Generations keep tailgating legacies alive

Thursday, October 13, 2011 | 4:10 p.m. CDT
Kevin Clark sets up a tent before the Western Illinois game on Sept. 17. Clark's family and friends enjoy spending time with each other before MU games.

Meagan Roth and Jack Watson are getting married on Homecoming weekend next year, and their friend Kevin Clark is upset.

“We tell people not to get married on football weekends,” he says.



These defenses and counter-defenses recently took place at Clark’s home away from home: his tailgate. He was pregaming with a crowd of about 15 people under a tent near Hearnes Center. Before MU faced off against Western Illinois on Sept. 17, tots ran amid twenty- and thirty-somethings and baby boomers.

Clark and his friend Jon Allen, affectionately known as “Goose,” sipped beers and reminisced about their favorite MU games, as well as the ones that didn’t turn out so well. However, there are two games they don’t talk about, referred to simply as “Colorado fifth down” (1990: Colorado was awarded an extra down and won by two points) and “Nebraska kick ball” (1997: an almost-fumbled ball was kicked upward just before it would have fallen “dead” on the field, and Nebraska won in overtime).

Hickman and Rock Bridge High School alumni, respectively, Clark and Allen started tailgating together their senior year of high school. While in college at Central Missouri State University (now University of Central Missouri), the two made the hour and 15 minute trek back to Columbia for every home game.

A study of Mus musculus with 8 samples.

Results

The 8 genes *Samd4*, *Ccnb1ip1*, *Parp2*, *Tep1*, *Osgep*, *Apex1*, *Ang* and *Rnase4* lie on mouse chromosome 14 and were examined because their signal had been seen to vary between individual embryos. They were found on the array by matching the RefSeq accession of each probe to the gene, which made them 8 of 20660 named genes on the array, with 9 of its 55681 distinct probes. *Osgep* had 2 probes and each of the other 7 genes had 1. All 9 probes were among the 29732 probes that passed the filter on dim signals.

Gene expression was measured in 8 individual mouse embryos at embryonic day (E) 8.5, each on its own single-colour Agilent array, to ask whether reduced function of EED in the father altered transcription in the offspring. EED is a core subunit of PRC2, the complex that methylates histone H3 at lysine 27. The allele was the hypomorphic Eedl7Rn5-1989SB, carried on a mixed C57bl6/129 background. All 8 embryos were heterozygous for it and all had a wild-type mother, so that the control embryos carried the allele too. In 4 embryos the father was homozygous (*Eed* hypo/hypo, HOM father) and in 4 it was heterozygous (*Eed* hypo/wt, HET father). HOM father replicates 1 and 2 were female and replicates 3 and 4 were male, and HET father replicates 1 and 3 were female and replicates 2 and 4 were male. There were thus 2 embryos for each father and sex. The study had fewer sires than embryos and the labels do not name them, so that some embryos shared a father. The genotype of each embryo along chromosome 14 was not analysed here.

Scott Watson, a longtime friend of Goose and Kevin, and Goose’s father, Lynn Allen, often join this tailgating crowd.

Watson is the older brother of Jack, whose wedding is causing Clark’s heartache regarding the tailgate for this next year’s Homecoming game. Although Clark teased his friend for scheduling his "I dos" so close to game day, Jack says Clark was like a big brother during the years they spent growing up together in Columbia.

Clark’s wife, Emily, remembers being picked up from dance lessons in her leotard in time for tailgating. She and Kevin both remember going to look at house decorations as children, and their parents still tailgate together.

Sometimes they “cruise over” to their parents’ festivities, and occasionally they combine celebratory forces.

The Clarks didn’t start dating until after college, but Kevin jokingly pegs a particular Fourth of July in the late ’80s as the moment when his wife fell in love with him. Emily rolled her eyes at his comment. She was five years old at the time; he was eight.

Emily explained that, though tailgating is fun, it’s also tiring. “It’s a whole Saturday,” she says. She’s a trooper, though; because their second child is due in February, Emily nursed caffeine-free Coke and water at the most recent tailgate.

Emily’s best friend, Megan Fewell, played matchmaker when Kevin and Emily first got together. Megan’s brother, Wes Fewell, is another good friend of Kevin’s. Fewell has a ceremonial Homecoming robe that he will don come Saturday. The ’60s-era garment makes a hilarious appearance every year.

Shortly before heading to Faurot Field, Goose scooped up his niece, Reese Cook, who sported a jean skirt with Mizzou ribbon sewn along the hem, a black shirt with a gold “M” on the front and shoes adorned with silver glitter.

As game time approached, Reese crawled headfirst into her stroller. She turned around and faced forward, ready for the game, and to Faurot she went. With this close crowd, it’s possible Reese will someday be pushing her own baby’s stroller toward the stands at Stadium and Providence roads.